Two experts quit election accountability group over claims it has been endorsing untrustworthy machines (Fast Company)

Richard DeMillo , a Georgia Tech professor who sat on Verified Voting’s advisory board, and UC Berkeley statistics professor and associate dean Philip Stark, a VV board member, have resigned from the advocacy group, stating that they believe that Verified Voting has been giving election officials false confidence in some voting machines and providing cover for the companies that make and sell these machines.

In DeMillo's December 1 resignation letter to Barbara Simons (chair of VV's board of directors), he claimed that "Verified Voting’s policy positions were unpredictable, contradictory, and not aligned with the values I once believed we shared. On more than one occasion, Verified Voting has taken contradictory public stances in the span of a few days, undercutting allies and supporters. The pattern of espousing new positions and making public statements that take local VV stakeholders by surprise is nothing new. Rather than seeking out advice, Verified Voting has gone to great lengths to avoid it."

With respect to VV's involvement in a Risk Limiting Audit (RLA) pilot in Georgia, DeMillo claimed that "Verified Voting’s seal of approval for the security theatrics in Bartow County undermines efforts to make elections more accountable. ... No audit based on an untrustworthy audit trail can confirm the correctness of the outcome. Billing such an exercise as an RLA and touting it as a proof of security plays into the hands of cynics."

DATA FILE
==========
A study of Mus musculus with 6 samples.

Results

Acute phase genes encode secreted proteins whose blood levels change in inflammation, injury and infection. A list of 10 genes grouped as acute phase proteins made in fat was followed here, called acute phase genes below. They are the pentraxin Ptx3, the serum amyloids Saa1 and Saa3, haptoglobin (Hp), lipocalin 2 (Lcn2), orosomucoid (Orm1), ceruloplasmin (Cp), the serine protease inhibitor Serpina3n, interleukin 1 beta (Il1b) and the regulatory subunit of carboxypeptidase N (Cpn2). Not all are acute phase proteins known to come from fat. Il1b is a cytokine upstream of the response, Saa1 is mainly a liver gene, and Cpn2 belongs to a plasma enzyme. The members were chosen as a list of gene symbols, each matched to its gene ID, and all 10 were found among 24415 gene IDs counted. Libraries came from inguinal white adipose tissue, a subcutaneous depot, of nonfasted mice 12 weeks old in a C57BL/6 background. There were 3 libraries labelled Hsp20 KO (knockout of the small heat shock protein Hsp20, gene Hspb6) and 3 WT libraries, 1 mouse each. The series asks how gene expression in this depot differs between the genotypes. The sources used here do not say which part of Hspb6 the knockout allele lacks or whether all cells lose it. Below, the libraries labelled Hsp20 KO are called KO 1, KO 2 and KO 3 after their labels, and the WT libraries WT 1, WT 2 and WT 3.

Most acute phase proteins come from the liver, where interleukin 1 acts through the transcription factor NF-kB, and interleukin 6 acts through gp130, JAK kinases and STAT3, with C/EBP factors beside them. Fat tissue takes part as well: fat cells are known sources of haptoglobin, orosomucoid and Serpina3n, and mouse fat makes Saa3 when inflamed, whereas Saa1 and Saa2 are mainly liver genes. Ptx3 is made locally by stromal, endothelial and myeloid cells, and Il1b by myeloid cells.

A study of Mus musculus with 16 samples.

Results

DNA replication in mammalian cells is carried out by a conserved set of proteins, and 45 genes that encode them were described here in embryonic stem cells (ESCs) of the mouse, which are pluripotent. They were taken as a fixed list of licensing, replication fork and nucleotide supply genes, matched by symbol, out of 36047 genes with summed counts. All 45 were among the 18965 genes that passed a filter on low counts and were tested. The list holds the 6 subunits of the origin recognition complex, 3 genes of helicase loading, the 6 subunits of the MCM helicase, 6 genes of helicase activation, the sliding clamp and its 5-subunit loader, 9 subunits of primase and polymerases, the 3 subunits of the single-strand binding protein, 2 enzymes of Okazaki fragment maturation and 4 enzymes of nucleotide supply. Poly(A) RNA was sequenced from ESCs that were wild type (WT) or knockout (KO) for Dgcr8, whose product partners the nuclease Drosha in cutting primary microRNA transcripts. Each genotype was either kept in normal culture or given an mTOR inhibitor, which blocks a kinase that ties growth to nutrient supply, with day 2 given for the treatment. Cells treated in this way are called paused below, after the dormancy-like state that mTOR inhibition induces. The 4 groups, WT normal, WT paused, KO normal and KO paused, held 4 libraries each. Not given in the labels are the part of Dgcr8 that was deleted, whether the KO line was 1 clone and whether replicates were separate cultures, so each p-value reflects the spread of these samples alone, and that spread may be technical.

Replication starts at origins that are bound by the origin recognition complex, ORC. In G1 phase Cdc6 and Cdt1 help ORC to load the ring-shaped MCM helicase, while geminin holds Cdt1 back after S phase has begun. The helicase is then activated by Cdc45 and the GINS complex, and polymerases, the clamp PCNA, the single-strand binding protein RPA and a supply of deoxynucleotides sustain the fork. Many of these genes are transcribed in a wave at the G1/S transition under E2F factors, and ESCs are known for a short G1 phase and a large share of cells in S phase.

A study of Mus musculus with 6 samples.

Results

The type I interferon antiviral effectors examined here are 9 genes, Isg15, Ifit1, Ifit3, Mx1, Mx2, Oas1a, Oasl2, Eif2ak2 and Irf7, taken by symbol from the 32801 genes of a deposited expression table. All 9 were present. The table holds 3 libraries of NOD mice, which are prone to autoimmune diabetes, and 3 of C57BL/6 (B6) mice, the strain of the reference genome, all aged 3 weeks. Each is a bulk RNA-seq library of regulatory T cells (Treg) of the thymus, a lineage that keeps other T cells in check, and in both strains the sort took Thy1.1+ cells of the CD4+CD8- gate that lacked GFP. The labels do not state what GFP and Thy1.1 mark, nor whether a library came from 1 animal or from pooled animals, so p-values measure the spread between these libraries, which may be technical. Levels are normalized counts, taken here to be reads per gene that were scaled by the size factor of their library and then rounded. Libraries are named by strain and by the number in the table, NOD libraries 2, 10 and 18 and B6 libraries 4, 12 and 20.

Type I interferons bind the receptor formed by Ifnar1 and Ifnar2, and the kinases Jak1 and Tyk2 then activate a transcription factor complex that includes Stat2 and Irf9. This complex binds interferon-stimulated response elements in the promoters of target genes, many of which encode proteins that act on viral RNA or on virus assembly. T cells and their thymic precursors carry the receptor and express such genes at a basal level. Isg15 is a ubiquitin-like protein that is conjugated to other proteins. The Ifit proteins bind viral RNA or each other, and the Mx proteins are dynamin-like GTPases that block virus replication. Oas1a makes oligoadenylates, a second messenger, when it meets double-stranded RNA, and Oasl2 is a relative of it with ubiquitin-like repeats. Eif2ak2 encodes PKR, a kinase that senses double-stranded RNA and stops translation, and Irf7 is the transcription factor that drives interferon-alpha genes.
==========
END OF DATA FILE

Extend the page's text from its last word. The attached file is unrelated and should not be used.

Stark, who resigned on November 21, accused VV of being on the "wrong side" saying: "Our message to jurisdictions that buy poorly designed, insecure, universal-use BMD [ballot marking device systems] should be, 'We tried to warn you. You need a better voting system' ... Instead, we’re saying, ‘Don’t worry: VV will teach you to sprinkle magic RLA dust and fantasies about parallel testing on your untrustworthy election. All will be fine; you can use our authority and reputation to silence your critics.'"

News summary by Rebecca Mercuri, PhD.

Ben Brooks on the nature of the advice on how to keep yourself from being distracted.

…There seems to be this idea that tech itself is addicting and that many are handcuffed to tech by way of their phone. And so often the advice, like that advice above, is along the lines of eschewing tech during some part of your life. It’s bad advice, it’s avoiding the hard questions and finding a scapegoat.

the truth is, if that is the route you are going to take, then why have a smartphone? Why not not have a smartphone? Because you can’t function in this world without one, right? Yeah, so then why do all that bullshit above? All of that above is like buying a Ferrari and then stripping away your use of it until it is no better than a golf cart. Like, just get a bicycle at that point.
The Smartphone Isn’t Evil, Chill By Ben Brooks

Writing in the Harvard Business Review,Janna Koretz, asks us to consinder What Happens When Your Career Becomes Your Whole Identity? Some might argue that although they spend a lot of time working, work and career are integrated, and they are not enmeshed. I can't answer for them, but I think the distinction lies in knowing whether your career is just another facet of your life or your life is organised around your career.